Lets get one thing straight, I like Johnny Manziel. I think he’s an exciting player who put together one of the best seasons a first year player could ever put together.
But Manti Te’o was the most outstanding player in college football this season. Period.
Unfortunately, Heisman voters (many of whom I respect a great deal) were blinded by the numbers and lost sight of what the award is really about. Many media outlets described this season’s Heisman class as “weak” and lacking a clear-cut offensive presence. I sat back and watched it all unfold, thinking in my head about how we couldn’t possibly watch them vote for anybody at number one outside of Manti Te’o.
Then they read the name, and all credibility of the award might have been dashed.
You want a Heisman moment from your Heisman trophy winner? I’ll give you a few. Lets start with the 29-for-56 against LSU with 27 yards rushing and three interceptions. By all accounts, the best should provide his best against the best, right? You want another Heisman moment? Lets take the Florida game where he started the season with a performance of 23-for-30 with 173 passing yards and the only touchdown coming on the ground. Some of you say “that isn’t so bad”, until you realize he completed one pass in the fourth quarter (for four yards) and rushed for 13 yards in a 20-17 loss.
*I would also like to point out that I wouldn’t even consider him the “hands down” best freshman in his own conference. Can we get some love for Todd Gurley of the University of Georgia? All he did was rush for 1,260 yards and 16 touchdowns including 118 yards and a touchdown against Florida and 122 yards and two touchdowns against Alabama*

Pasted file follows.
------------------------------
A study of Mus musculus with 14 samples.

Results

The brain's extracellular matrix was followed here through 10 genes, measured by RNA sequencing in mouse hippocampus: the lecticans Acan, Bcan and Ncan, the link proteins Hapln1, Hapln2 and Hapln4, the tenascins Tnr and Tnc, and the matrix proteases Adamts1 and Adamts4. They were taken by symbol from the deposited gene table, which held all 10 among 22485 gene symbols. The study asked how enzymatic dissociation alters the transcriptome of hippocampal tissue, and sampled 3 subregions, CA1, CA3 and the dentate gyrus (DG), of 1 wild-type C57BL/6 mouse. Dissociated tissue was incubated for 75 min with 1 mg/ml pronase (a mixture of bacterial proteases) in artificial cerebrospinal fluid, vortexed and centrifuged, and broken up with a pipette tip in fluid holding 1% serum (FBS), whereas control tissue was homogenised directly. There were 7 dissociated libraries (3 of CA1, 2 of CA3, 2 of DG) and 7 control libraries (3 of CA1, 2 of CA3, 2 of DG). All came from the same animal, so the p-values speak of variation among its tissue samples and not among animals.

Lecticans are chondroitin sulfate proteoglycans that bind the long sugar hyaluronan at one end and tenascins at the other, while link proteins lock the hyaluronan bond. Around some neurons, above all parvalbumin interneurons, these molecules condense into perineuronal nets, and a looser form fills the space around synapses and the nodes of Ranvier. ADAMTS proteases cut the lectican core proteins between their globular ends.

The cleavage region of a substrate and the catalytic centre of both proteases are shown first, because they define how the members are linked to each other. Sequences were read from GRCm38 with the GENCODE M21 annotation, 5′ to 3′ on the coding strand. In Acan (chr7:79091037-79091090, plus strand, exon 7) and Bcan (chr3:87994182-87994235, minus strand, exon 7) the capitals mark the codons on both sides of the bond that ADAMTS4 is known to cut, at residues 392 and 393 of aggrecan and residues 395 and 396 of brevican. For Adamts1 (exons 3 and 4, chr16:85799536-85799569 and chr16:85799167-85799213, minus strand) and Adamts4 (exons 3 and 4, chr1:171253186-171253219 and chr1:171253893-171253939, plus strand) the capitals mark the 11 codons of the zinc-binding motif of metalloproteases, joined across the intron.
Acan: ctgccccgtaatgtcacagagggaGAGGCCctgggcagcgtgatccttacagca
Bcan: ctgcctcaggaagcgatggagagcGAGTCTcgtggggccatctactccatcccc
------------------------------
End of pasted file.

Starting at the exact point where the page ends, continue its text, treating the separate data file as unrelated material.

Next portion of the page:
That “Heisman moment” enough for you?
Oh, yes, the Alabama game. You all love to beat the drum of that Alabama game and say that his “breakout” performance came then. Fair enough, his team did beat the number one team in the country, but does anyone want to point out that the defense had more of a hand in the game after the first half than Manziel did? Anyone want to look at the 9 points he led them to after the 20 in the first quarter?
No, we’ll just give him college football’s highest honor for lighting up Sam Houston State, South Carolina State and others.
Again, nothing against “Johnny Football”, but give me the best player, on the best team, leading the best defense, as the best defensive player as the most outstanding player in college. Give me the linebacker with seven interceptions and huge tackles for loss in the biggest games of the season and his team needing every last one of them for the opportunity to play for a national championship. More importantly, give me Te’o, whose team leaned on defense for much of the year and he led that unit.
But I guess until we place as much value on individual defensive performance as we do on offensive performance the Heisman will continue to be the “Most Outstanding Offensive Player” in college football.